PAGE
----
We examined trends and educational differences in serum total cholesterol and in the consumption of major sources of saturated fat in diet from 1992 to 2007 in the district of Pitkäranta in the Republic of Karelia, Russia, and North Karelia, Finland. We also examined which saturated fat sources were associated with serum cholesterol in the two areas. Our study period encompasses the years of major changes in the political and economical system in Russia after the collapse of the Soviet Union in 1991.
During the study period, serum cholesterol levels fluctuated in Pitkäranta. No apparent educational differences were seen. Dramatic changes in food habits selected as indicators of saturated fat intake occurred in Pitkäranta; using butter in cooking tumbled in all education groups, whereas consuming fatty cheese on a daily basis became substantially more common, even more so in the high education group than among subjects with a low educational level. In North Karelia, the changes in cholesterol levels were in line with the changes in food habits. As the consumption of foods with saturated fat decreased, so did the cholesterol levels in the population. In addition, as the educational differences in food habits narrowed, so did the educational difference in cholesterol levels. Parallel changes have been observed in Lithuania, a Baltic country that was part of the Soviet Union until 1991, where using butter on bread halved and using vegetable oil in cooking increased six fold from 1993 to 2007 . In Lithuania, the changes in serum total cholesterol were in line with the favourable changes in diet; serum total cholesterol fell by about 0.50 mmol/l in 1993–2007. Consumption of cheese was not reported in this study.
The sources of saturated fat in diet that were associated with serum cholesterol levels were quite different in the two areas, namely the district of Pitkäranta in the Republic of Karelia, Russia, and North Karelia, Finland. In Pitkäranta, drinking fat-containing milk had the strongest association with serum cholesterol in our study. In North Karelia, Finland, on the other hand, using butter in cooking and using butter on bread were most strongly associated with cholesterol.
In Pitkäranta, drinking fat-containing milk may reflect other food habits that were not included in our study, e.g. frequent use of fatty meat or smetana (Russian sour cream), though it emerged as the single significant predictor of cholesterol in our study. In North Karelia, drinking fat-containing milk did not seem to be associated with cholesterol. However, in our analyses, ’drinking fat-containing milk’ included all milk types that contain some fat, and it is likely that ‘fat-containing milk’ had on average a lower fat content in the data from North Karelia compared to the data from Pitkäranta. This might partly explain the weaker association between milk and cholesterol in North Karelia. Unlike in North Karelia, low-fat milk was not readily available in Pitkäranta over the study years. Regarding the data from North Karelia, milk that contains only 1% fat was also included in the category ‘fat-containing milk’, even though Finnish nutrition recommendations recommend it together with skimmed milk.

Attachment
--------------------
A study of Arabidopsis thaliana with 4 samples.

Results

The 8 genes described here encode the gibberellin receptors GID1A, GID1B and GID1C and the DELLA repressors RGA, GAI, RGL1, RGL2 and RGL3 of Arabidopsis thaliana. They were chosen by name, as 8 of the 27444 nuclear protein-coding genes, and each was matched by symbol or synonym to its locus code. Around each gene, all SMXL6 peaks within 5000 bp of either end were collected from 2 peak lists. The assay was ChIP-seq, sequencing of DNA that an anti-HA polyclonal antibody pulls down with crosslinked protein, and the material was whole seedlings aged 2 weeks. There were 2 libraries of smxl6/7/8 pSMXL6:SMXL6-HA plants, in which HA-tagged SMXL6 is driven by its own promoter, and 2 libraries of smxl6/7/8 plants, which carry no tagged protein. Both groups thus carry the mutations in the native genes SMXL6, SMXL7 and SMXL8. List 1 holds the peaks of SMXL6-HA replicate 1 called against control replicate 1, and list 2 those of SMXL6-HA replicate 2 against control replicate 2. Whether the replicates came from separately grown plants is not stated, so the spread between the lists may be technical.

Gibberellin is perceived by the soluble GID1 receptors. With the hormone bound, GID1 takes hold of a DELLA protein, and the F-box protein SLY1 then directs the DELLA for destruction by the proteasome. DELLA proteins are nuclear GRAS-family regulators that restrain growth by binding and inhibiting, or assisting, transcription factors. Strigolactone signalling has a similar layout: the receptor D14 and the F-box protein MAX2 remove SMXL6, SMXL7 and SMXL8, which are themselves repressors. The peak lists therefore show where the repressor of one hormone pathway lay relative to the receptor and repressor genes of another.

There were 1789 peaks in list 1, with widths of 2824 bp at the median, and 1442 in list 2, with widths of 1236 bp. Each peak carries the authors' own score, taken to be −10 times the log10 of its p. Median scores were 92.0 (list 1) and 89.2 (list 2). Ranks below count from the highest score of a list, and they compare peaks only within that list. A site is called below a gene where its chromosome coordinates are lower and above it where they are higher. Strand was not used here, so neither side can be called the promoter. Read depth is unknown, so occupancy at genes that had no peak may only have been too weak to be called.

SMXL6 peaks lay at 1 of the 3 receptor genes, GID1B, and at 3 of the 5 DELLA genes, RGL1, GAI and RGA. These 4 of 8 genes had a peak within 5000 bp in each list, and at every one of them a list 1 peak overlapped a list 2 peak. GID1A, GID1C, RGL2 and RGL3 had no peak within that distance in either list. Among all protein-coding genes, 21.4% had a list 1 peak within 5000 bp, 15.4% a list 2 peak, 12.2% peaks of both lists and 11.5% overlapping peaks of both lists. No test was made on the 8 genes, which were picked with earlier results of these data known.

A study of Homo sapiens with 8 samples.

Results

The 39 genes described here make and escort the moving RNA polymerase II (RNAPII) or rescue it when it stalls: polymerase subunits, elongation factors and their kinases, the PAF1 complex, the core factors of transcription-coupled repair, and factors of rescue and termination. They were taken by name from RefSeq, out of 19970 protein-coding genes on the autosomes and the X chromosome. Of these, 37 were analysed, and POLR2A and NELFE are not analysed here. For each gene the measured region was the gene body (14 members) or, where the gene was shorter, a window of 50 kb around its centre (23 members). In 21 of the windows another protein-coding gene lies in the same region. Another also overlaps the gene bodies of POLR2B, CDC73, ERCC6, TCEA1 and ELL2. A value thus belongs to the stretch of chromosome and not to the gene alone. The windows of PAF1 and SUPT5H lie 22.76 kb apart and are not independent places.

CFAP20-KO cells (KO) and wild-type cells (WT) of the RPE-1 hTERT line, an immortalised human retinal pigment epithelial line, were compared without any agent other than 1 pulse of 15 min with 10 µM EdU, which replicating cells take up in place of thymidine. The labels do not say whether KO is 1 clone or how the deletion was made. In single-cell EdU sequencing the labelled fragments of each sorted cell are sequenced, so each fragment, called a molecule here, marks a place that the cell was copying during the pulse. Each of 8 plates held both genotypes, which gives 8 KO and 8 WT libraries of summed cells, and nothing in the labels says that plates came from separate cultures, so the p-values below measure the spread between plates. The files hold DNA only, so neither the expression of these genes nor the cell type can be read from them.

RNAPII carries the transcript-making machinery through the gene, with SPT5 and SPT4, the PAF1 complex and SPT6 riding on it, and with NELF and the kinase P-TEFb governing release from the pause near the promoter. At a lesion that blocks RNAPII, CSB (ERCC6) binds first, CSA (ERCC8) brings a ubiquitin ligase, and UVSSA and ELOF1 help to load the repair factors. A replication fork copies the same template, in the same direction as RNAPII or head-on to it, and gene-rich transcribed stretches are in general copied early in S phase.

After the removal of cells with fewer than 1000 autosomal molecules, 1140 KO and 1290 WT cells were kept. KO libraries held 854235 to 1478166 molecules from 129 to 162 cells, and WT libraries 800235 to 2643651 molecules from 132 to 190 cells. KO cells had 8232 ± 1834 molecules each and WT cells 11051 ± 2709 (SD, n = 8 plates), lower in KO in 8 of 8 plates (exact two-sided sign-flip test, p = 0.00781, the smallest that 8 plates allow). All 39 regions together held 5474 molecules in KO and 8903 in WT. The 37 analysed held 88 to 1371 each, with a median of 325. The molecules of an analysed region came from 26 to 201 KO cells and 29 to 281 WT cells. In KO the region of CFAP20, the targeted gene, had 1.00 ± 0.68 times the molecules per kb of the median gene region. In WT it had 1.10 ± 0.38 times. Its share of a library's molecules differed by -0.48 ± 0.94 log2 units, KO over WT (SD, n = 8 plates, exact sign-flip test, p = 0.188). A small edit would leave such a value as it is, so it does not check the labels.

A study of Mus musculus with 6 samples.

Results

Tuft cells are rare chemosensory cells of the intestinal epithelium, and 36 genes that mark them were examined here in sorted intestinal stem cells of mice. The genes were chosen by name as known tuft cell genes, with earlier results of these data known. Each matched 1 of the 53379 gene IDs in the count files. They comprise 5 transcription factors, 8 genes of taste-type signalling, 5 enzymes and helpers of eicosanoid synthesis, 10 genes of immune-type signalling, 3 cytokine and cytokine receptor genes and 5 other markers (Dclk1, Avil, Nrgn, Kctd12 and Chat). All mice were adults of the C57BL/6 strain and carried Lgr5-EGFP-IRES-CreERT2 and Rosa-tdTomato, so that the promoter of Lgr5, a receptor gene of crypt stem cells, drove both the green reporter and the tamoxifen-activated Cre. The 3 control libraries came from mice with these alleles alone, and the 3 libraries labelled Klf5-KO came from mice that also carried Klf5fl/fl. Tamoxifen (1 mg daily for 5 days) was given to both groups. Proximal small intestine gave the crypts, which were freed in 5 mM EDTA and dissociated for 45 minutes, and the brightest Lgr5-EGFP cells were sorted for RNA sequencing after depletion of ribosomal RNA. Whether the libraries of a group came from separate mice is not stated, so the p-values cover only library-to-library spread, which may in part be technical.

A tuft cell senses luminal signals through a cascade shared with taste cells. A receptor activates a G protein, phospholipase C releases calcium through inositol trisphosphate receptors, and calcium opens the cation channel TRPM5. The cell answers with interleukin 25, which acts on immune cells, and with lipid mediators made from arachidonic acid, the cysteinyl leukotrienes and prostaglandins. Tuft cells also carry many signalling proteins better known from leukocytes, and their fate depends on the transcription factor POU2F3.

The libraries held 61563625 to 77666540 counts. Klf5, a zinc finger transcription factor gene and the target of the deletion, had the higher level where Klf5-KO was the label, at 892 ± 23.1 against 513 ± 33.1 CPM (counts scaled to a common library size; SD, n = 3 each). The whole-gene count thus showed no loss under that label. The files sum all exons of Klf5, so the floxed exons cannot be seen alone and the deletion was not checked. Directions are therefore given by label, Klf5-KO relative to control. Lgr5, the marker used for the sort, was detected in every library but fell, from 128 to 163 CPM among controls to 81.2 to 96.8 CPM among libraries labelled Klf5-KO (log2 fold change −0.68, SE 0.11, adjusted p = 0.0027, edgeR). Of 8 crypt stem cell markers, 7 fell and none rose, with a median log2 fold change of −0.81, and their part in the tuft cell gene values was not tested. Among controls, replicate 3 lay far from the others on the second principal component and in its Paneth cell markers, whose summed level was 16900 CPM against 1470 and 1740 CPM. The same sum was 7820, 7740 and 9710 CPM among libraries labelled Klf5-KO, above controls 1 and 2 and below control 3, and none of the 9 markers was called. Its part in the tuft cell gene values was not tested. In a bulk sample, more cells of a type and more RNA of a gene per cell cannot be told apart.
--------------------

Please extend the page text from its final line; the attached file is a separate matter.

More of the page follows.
In Pitkäranta, consumption of cheese was more common among subjects with higher educational level. Similar differences have been observed earlier in Finland as well , but in our study, which only included North Karelia in eastern Finland, the educational differences in fatty cheese consumption did not reach statistical significance. Daily consumption of low-fat cheese was more common among subjects with a high education in 1992. It seems that in Finland, persons with a higher education may have been the first to shift from fatty cheese to low-fat cheese, but the educational differences have levelled off with time.
Despite their common history before the Second World War, the district of Pitkäranta in the Republic of Karelia, Russia, and North Karelia in Finland have been economically and politically distinct from each other since. Our study in these two distinct areas gives rise to several methodological questions. One such issue is how feasible is it to use questionnaires that are basically similar in different settings, even if the questions and multiple-choice options have been modified to suit local circumstances. In many cases, the questionnaires have originally been designed for one target population, in our case Finnish citizens. For example, in Finland, it is very common to spread butter or margarine on bread. However, this is not the case in Russia, where bread is often eaten without spread and the important sources of fat are likely to be something else.
Our study only included dairy fat sources as indicators of saturated fat intake. There are, however, other important sources of saturated fat like meat and meat products as well . A self-administered questionnaire with only a few food-related questions cannot include all important sources of saturated fats. Furthermore, it cannot measure the share of the total fat intake accounted for by saturated fat.
The situation with cardiovascular disease has been very different between North Karelia, Finland, and the Republic of Karelia, Russia. North Karelia started in the 1970’s with very high CVD rates and very high average serum cholesterol level and has had a fairly steady decline thereafter. On the other hand, Russia had initially much lower CVD rates, but during the last few decades marked increase. The initially lower level of serum cholesterol in Russia can obviously be explained by the low availability and accessibility of dairy fat products in Russia. The later increase indicates the changing economic situation, while in Finland active health promotion has been behind the marked reduction in the consumption of dairy fat products and CVD rates.